Well, folks, it's time for me to live in the past for a while. The Brumback reunion is tomorrow at noonish, at the Ruritan Club in Mt. Eden. For those of you who don't know (and those who have forgotten), my granny, Attie Dennie, was a Brumback before she married Add Tincher. That was a pretty cool combination of names, Addie and Attie. She had three sisters, Blanche, Stella, and Mattie Ann. She also had a bunch of brothers, one named Marshall, and three or four others.
As to the next generation Brumbacks, there is Ruth from Aunt Stella's family, Roger and Glenn from Aunt Matt's family, and nobody from Aunt Blanche and Granny's family. Aunt Blanche had one daughter, Helen, deceased, and two granddaughters, Wilma and Wanda, who more than likely won't be there. Granny Tincher had a slew of children--Harvey (father of Pat and Marshall--not looking for them to be there), Jim (father of Jimmy, Joe, and Louie--all dead), Josephine (mother of Joanne--she won't be there), Florence (mother of Libby--she says she's coming),Ed (father of Lena (dead), Linda, Lolly, and Little Eddie--Linda says she is coming), and Anna May (mother of me and Mike--I'm going, I guess, but not Mike). Now you know about all you need to know about the family tree.
We used to have these reunions in Cherokee Park, at Big Rock in the Beargrass Creek. Those were fun times. They were always on Sundays, since folks used to work on Saturdays back then. My uncle Jess, Aunt Blanche's husband, would go to the park bright and early and stake out our area. They may have reserved it ahead of time. At our house, we would go to Sunday School. I would get to wear a skirt and shirt that day, not a dress, since we would be leaving as soon as SS was over. I would even sometimes wear my shorts under my skirt! Those of you who grew up wearing shorts to school cannot imagine the feeling of recklessness that went along with that! Right after Sunday School, we would pack up our stuff. We had an old Coca Cola cooler that Daddy would fill with ice. Mama would have fried chicken, orange ade, and my cousin Linda says she also brought corn pudding. I don't remember that, probably because I didn't eat it. I know I wanted to be in the front of the line, because my mama's chicken always went really quickly. A special treat were the bottles of pop that Uncle Ed brought--he managed a grocery store, and he always brought the soft drinks.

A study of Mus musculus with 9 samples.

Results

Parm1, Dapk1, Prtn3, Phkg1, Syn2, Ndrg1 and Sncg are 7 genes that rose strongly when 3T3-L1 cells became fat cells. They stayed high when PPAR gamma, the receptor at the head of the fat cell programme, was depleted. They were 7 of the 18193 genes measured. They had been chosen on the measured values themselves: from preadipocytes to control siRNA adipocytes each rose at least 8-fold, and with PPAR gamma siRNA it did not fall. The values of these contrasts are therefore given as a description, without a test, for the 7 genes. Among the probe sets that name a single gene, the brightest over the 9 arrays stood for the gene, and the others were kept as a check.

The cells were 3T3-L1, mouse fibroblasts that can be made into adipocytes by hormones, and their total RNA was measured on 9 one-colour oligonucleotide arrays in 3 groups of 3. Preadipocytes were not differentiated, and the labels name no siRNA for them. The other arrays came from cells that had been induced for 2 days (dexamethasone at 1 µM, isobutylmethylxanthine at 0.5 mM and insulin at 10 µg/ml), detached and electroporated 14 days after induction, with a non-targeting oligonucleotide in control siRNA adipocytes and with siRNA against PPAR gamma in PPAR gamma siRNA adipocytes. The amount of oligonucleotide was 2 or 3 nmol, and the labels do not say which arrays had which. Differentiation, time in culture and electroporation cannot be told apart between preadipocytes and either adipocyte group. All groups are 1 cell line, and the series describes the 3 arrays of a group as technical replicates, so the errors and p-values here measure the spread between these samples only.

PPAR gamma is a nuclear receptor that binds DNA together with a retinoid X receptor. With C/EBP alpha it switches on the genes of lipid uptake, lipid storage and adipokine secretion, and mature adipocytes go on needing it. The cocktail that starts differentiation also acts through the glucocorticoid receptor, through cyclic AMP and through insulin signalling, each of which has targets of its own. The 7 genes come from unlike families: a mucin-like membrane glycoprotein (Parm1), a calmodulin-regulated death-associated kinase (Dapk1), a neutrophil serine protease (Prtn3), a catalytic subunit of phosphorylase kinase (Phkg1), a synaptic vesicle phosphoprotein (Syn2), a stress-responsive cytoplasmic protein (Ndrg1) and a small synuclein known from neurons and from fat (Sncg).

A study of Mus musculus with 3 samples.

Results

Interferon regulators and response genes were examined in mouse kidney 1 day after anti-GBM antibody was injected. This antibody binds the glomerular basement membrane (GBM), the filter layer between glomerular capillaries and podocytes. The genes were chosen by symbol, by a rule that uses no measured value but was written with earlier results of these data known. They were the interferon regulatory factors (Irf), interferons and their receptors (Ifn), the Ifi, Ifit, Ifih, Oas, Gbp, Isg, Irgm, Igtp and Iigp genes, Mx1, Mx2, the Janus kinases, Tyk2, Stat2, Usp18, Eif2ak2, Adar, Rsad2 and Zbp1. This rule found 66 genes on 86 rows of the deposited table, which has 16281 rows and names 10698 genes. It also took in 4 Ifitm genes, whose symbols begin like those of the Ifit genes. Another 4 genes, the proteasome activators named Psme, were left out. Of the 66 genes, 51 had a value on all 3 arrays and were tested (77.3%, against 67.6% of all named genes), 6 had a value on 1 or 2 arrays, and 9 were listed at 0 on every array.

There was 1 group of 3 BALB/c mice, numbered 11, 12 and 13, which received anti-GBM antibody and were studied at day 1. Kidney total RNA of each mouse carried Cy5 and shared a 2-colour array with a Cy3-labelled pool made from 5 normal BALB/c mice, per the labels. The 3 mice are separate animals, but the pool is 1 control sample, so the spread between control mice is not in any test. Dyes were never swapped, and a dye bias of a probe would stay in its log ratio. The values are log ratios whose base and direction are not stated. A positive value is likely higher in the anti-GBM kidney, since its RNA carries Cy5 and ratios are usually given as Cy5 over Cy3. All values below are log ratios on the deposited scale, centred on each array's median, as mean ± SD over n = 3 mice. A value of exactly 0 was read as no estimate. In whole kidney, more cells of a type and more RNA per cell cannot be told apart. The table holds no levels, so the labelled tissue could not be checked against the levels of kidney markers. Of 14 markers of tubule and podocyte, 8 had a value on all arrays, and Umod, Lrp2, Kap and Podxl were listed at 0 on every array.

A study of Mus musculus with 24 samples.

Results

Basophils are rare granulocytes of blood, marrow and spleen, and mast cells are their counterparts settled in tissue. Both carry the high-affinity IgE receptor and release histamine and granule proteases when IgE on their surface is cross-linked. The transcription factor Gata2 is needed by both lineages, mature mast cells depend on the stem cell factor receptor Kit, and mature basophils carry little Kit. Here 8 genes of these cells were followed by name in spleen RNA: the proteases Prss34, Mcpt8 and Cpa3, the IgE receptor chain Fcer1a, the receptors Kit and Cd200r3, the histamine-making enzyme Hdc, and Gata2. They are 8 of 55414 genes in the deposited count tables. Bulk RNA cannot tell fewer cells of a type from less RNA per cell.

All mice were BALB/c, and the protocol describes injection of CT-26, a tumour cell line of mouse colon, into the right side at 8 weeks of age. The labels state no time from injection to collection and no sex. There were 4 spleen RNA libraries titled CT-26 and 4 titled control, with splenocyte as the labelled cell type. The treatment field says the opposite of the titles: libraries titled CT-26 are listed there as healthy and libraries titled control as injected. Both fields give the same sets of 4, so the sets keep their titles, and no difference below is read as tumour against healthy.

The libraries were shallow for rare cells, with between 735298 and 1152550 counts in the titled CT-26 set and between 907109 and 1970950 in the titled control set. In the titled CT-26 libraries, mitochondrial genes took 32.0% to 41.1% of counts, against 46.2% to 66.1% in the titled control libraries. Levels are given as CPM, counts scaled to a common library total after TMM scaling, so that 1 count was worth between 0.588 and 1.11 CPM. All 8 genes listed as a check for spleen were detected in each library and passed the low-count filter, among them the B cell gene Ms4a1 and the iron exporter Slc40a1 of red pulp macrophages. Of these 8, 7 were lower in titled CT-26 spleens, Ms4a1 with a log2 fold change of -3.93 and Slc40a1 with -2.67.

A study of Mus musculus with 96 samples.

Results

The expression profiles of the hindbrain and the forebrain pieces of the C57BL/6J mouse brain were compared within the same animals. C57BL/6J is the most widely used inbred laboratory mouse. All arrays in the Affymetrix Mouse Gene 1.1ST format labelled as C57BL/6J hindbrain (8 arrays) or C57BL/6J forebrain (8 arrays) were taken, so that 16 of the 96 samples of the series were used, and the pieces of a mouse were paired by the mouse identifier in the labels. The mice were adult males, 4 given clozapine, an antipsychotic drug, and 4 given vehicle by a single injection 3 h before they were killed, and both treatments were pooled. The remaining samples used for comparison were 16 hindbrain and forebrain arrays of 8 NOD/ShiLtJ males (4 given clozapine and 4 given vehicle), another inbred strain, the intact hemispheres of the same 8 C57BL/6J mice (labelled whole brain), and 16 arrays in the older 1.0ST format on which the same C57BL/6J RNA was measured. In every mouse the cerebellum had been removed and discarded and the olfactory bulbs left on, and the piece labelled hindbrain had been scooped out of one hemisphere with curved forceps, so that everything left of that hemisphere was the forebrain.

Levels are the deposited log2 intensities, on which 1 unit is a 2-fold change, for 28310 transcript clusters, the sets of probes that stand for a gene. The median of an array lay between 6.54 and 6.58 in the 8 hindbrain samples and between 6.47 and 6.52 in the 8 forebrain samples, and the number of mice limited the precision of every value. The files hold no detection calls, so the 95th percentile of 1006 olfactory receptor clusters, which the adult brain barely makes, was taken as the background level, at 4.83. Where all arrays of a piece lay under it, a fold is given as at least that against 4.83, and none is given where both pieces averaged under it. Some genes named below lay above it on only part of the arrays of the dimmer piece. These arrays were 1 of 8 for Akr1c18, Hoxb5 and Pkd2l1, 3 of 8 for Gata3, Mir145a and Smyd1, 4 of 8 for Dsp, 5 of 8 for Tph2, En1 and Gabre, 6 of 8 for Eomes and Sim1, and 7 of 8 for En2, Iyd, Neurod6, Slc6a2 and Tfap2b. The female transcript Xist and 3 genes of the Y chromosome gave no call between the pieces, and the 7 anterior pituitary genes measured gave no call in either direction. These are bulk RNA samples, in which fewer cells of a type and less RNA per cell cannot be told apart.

After the meal, we would get to wade in the creek. That was so much fun. It was considered dangerous, since rumor had it that a child had drowned there, but as long as there were a few adults with us, we could get in the water. And we were sort of taking a chance wading there, because up until then there was a very serious threat that we might possibly get polio from the creek--no one knew at that time what caused the disease, or how it was spread. My cousins Lena and Lolly both had polio. Lena was really crippled up from it,even spending some time in an iron lung, but Lolly got through pretty much unscathed.
Reunion day was really a special day. We didn't have to go to church that night, another treat. It was fun to watch the aunts be silly with each other. Aunt Matt and Aunt Jo loved to play around. Aunt Matt would do crazy things like wear two shoes that didn't match, just to be funny. When Everett was a baby, we took him to probably one of the last reunions at Cherokee Park. He had a pair of red jockey shorts (just for cute--he was still in diapers). Mama told me to put them on him, and to be sure to show them to Aunt Blanche, because she would get a kick out of them. She did, and that was probably one of the last times I saw her. She died the next spring.
Those were the good old days. I hope you are making memories for your children and significant others! Love you, and God bless.